Read more about Cinnamon.


Although we may typically think of cinnamon as a spice, it has been used for centuries as a treatment for numerous health issues and is especially popular in Traditional Chinese Medicine (TCM). Recently it has received attention for [helping to control blood sugar in diabetics][3]. Research suggests that it might also be helpful for improving lipid profile (lowering triglycerides and LDL cholesterol).

[3]: type-2-diabetes/type-2-diabetes-and-cinnamon supplements may help improve lipid profile (triglycerides and cholesterol).

Effect of Cinnamon on Lipid Disorders

In the study discussed here, cinnamon supplements improved triglyceride, LDL cholesterol, and total cholesterol, without worsening HDL cholesterol.

Research Evidence on Cinnamon

One double-blind study found evidence that cinnamon, taken at a dose of 1-6 grams daily, improved triglyceride, LDL cholesterol, and total cholesterol, without worsening HDL cholesterol.198

How to Use Cinnamon

In the study discussed here, the effective dose of cinnamon was 1-6 grams daily. Typical recommended dosages of ground cinnamon bark are 1 to 4 g daily. Cinnamon oil is generally used at a dose of 0.05 to 0.2 g daily.13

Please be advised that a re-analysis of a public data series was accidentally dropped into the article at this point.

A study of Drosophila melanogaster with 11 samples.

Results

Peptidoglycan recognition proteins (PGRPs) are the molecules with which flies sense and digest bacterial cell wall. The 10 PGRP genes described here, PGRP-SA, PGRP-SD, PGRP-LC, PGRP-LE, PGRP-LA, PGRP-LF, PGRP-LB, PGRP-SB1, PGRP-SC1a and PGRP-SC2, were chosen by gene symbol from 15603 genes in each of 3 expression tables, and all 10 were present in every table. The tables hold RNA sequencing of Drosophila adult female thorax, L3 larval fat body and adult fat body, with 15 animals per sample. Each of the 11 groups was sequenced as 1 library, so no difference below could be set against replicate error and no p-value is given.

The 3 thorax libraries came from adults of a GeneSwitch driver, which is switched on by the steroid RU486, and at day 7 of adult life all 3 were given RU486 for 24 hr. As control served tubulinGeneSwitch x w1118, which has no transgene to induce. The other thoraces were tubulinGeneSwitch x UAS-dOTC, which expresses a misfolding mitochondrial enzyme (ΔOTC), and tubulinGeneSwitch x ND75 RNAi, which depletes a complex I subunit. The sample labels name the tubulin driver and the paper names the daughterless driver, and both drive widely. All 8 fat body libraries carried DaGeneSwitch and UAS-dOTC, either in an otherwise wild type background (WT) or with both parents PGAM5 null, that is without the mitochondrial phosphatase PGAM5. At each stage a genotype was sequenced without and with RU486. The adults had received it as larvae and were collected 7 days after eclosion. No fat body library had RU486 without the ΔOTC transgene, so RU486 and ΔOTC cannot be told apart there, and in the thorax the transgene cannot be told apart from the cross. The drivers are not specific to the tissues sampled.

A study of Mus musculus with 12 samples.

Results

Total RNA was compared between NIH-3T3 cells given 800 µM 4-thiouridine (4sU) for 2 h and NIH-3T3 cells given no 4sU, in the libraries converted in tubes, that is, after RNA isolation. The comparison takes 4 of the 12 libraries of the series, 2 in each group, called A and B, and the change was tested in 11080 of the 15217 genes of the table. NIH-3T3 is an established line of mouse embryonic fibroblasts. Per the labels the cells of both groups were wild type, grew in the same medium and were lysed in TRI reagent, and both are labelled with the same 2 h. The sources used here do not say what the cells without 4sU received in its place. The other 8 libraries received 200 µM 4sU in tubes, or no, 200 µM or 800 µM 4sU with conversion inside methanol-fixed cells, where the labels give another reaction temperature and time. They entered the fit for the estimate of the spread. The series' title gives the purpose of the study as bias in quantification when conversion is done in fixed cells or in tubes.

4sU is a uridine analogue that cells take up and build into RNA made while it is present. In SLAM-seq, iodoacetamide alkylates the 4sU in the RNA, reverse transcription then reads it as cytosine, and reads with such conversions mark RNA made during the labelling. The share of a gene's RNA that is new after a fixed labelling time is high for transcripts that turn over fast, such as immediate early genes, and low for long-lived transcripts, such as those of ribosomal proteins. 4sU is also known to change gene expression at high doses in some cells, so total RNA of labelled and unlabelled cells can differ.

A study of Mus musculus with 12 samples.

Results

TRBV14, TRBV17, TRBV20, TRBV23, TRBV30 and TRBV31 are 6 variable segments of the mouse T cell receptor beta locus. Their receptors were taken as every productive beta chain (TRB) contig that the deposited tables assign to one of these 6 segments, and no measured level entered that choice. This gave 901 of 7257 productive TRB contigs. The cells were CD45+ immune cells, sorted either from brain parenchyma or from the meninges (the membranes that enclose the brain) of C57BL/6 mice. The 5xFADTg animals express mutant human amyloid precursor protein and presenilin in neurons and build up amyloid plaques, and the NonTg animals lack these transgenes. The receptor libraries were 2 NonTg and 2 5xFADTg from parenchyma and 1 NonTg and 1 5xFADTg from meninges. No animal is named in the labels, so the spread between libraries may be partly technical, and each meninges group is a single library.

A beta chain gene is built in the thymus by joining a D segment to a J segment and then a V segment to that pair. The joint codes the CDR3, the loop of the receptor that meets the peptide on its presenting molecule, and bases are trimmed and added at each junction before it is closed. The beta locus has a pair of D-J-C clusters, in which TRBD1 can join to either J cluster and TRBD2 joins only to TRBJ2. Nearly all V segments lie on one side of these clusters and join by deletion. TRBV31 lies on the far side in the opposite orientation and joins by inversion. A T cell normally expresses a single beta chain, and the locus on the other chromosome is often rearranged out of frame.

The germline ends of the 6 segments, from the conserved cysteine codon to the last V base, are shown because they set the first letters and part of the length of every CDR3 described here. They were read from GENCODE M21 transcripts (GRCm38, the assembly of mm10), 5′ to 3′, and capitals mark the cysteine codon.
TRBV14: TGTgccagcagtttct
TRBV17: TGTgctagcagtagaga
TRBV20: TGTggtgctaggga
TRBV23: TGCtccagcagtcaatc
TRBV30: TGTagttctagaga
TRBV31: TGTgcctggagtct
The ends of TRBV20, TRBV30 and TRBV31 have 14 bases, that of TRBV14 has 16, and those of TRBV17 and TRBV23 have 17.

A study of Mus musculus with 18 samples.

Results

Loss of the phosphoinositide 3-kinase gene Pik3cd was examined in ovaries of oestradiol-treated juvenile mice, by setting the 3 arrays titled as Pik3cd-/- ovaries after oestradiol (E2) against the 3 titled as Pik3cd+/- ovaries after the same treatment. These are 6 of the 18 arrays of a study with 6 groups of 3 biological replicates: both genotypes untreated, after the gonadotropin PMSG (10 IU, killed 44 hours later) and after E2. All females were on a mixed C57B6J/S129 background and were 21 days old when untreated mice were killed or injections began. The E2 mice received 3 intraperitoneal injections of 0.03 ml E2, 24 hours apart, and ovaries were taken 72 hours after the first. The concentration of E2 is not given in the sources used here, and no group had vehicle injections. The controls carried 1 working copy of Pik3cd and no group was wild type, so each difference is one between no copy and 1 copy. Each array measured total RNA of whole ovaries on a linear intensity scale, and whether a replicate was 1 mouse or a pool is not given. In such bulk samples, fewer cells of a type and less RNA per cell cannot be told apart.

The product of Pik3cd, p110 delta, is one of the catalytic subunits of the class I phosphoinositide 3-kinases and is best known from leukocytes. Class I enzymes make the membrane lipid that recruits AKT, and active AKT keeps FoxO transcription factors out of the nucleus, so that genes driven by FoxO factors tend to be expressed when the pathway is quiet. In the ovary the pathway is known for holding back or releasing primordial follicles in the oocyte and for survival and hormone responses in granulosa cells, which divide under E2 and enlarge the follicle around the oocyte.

Cinnamon is widely available in its most familiar form--as a powdered spice--and can also be found in supplement form, usually as capsules of cinnamon powder or oil. Cinnamon supplements are typically available in drug stores and natural food stores, or wherever supplements are sold.

Types of Professionals That Would Be Involved with This Treatment

  • Acupuncturist/Chinese herbalist
  • Naturopathic doctor
  • Integrative MD
  • Nutritionist or dietitian
  • Herbalist

Side Effects and Warnings

#Safety Issues

As a widely used food spice, ground cinnamon bark is believed to be safe. However, cinnamon's essential oil is much more concentrated than the powdered bark commonly used for baking. There is some evidence that high doses of cinnamon oil might depress the central nervous system. ^[2] Germany's Commission E recommends that pregnant women should avoid taking cinnamon oil or high doses of the bark. ^[3] Maximum safe doses in young children, nursing women, or individuals with severe liver or kidney disease have not been determined.

When used topically, cinnamon bark oil may cause flushing and a burning sensation. ^[4] Some people have reported strong burning sensations or mouth ulcers after chewing cinnamon-flavored gum or candy. ^[5] However, these reactions disappeared within days of discontinuing the gum.


  1. Khan A, Safdar M, Ali Khan MM, et al. Cinnamon improves glucose and lipids of people with Type 2 diabetes. Diabetes Care. 2003;26:3215-3218.